Tests & vmpooler or: How I learned to stop worrying and make videos
“Filmmaking is a miracle of collaboration.” - James McAvoy
Ever wonder how we do continuous integration at Puppet? So did a lot of our new hires! So we made some fun videos to explain a couple parts of it, which I’ll share here. Watching them is fun, but I think making them is even better. Check them out and ask yourself if there’s anything you could give a similar treatment where you are.
To create these videos, I toured through our site reliability engineering (SRE) department, learning about how each team in that group gets things done and the tools they use to make things better.
Release Engineering was the first team in SRE I got to shadow. They are responsible for ensuring our products are packaged effectively and building tools to support that mission. They let me know that a lot of new developers feel overwhelmed when they begin looking at our docs on how Puppet Enterprise is assembled, and that a short primer video would save them a lot of explaining time. Thus began my journey into SRE video creation. I hope you like the result.
My favorite part of that video is when the nightly tests drop (okay, one of my favorite parts). Developers tell me that it actually looks the way it feels. “That’s a lot of tests on a lot of different machines,” you might say. “How do you get through all of those without everything coming to a stop?” To this, I would reply: “Thank you for that excellent transition, dear reader.”
The next team that showed me the ropes was Quality Engineering (QE). What do they do? They build and maintain the tools that help us test code — not writing the tests themselves, but more like building the Scantrons to process those tests.
One of the tools QE uses is vmpooler. It prepares all the VMs that the tests in the first video use (and for other tools that use VMs, too). We thought it would be a good idea to make a short video to help new developers at Puppet better understand how it works. I think the end result is pretty darn nifty. Even if you aren’t a developer or a sysadmin, using visual metaphors — like texting on a cell phone to show interacting with the vmpooler API — helps make the content more accessible and understandable. We thought it would be nice to share it with the rest of the world.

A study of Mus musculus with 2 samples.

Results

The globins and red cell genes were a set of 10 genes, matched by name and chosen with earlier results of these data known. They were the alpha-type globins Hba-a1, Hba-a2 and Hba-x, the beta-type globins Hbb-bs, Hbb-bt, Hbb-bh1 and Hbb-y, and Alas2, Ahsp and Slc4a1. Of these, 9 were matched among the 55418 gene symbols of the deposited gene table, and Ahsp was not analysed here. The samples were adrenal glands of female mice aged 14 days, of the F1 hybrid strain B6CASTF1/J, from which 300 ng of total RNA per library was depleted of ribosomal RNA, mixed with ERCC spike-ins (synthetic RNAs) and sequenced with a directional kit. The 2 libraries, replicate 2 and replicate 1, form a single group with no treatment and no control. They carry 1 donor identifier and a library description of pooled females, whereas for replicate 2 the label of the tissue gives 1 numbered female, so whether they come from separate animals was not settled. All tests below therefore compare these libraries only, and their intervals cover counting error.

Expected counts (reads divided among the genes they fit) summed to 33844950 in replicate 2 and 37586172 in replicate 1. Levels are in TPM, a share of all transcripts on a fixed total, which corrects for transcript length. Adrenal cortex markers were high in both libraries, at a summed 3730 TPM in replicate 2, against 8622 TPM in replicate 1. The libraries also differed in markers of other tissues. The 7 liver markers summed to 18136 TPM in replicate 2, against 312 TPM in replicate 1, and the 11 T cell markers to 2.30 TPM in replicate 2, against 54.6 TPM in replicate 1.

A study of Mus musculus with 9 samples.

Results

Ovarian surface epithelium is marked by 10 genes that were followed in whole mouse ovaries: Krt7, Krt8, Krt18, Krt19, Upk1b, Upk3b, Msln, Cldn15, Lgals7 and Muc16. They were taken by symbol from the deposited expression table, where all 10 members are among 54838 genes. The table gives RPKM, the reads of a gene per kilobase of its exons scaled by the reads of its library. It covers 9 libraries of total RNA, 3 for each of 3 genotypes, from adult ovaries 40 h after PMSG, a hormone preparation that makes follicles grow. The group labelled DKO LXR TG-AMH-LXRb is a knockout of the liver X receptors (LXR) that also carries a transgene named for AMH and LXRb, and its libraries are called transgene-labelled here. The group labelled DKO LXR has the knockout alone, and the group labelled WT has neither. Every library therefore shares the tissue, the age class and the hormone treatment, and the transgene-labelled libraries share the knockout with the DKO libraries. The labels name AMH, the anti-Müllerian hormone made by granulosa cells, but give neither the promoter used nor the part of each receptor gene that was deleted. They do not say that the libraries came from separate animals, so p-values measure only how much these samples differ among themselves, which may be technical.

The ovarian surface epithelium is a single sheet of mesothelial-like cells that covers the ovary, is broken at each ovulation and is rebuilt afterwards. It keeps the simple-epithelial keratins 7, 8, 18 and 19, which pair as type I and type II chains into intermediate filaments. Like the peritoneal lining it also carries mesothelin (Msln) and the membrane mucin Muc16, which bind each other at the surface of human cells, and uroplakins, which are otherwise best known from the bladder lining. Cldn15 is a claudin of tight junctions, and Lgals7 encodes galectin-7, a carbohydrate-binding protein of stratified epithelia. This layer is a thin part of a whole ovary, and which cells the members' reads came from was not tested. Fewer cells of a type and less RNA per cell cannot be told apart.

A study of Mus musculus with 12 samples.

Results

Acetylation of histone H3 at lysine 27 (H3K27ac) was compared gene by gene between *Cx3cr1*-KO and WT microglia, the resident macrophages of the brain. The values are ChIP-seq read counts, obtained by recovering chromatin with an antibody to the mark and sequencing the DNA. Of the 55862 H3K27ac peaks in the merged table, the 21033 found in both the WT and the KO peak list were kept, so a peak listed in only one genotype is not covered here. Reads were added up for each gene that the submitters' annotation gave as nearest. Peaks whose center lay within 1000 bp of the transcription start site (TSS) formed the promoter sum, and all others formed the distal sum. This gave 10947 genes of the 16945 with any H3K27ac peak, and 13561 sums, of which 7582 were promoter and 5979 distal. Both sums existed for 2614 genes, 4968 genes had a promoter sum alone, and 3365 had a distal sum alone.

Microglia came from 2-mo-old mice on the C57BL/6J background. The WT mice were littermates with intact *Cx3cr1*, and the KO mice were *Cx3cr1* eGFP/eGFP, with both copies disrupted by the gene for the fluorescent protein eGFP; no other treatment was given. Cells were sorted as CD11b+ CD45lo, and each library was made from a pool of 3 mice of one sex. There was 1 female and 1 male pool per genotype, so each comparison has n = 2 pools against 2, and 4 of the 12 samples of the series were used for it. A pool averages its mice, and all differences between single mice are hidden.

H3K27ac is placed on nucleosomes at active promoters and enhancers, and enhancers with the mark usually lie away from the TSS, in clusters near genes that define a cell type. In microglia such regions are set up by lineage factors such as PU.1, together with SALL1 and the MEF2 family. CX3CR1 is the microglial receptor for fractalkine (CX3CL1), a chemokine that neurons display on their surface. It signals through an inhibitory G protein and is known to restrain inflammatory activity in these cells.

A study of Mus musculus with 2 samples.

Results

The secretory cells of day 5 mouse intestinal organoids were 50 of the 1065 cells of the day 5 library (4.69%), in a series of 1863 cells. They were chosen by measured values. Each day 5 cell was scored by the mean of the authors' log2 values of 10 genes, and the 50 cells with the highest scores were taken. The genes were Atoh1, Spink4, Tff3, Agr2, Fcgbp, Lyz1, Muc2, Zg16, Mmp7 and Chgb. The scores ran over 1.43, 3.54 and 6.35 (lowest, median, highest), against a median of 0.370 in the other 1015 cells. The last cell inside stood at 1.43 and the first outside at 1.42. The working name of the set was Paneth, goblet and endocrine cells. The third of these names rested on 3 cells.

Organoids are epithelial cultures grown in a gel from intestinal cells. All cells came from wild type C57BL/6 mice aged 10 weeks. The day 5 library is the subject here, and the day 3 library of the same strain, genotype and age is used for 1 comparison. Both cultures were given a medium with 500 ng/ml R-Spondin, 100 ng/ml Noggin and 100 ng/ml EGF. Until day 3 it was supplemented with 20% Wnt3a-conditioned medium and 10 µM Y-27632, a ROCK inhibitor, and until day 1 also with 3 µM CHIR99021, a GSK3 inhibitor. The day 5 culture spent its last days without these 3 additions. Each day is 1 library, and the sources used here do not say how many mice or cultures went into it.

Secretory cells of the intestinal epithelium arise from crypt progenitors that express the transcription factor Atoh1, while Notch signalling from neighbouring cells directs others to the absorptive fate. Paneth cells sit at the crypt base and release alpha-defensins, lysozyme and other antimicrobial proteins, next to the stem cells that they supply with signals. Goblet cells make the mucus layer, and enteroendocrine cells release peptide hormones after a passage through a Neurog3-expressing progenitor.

In the video, I refer to Run Me Maybe and Always Be Scheduling, two tools we use internally. Sorry, those aren't open sourced… yet.
I arted and so can you
Puppet’s SRE team is constantly making improvements (and we’re always updating supported operating systems), so some of the details in these videos are probably out of date already. Hopefully, presenting the information like this turns out to be not just useful, but inspiring, so when someone decides it is too out of date, they can make a new version.
“But you’re so creative, Tiffany, I could never make something like that!” you might say. “Pish posh,” my hypothetical self would retort. “It’s all about the metaphors!” Seriously, it was very lightweight and quick. We shot those on cell phones and everything else was just paper, index cards, and some sticky notes. The biggest barrier was checking my understanding, so creating the videos can be thought of as a study aid.
“When one teaches, two learn.” ~Robert Heinlein
There’s a concept in education called Learning by Teaching, where students will study up on a part of a lesson and teach it to their peers — not delivering a lecture or reading from the teacher’s prepared notes, but studying the material to a point where they can share what they learned. Making these videos was a microcosm of that. Thinking of how to present the information helped me realize the parts where I wasn’t quite understanding what I had learned so far, which got me to ask questions. Or sometimes when watching the first take, someone would say “Oh, that actually happens before this other bit.”
Wanna drop a DevOps bomb? Learning culture! Boom! How about two? Sharing culture! Boom! Next time you come across a dense or thorny process, concept, architecture, etc., tell your boss you need time to make a primer video. Taking the time will ensure you are thoroughly knowledgeable, which will increase the quality of your team’s work. Your videos will also decrease the on-ramping time for people that join after you, helping them make meaningful contributions sooner and increasing your team’s velocity.
I hope you get a chance to record a video or diagram or model of something you learned for work, because I certainly had a ton of fun making them and hope that other people get to enjoy watching them and making their own versions!
For the record, I do think that a dozen Jenkins in swim trunks might be the peak of my artistic career.
Tiffany Longworth is a products operations manager at Puppet.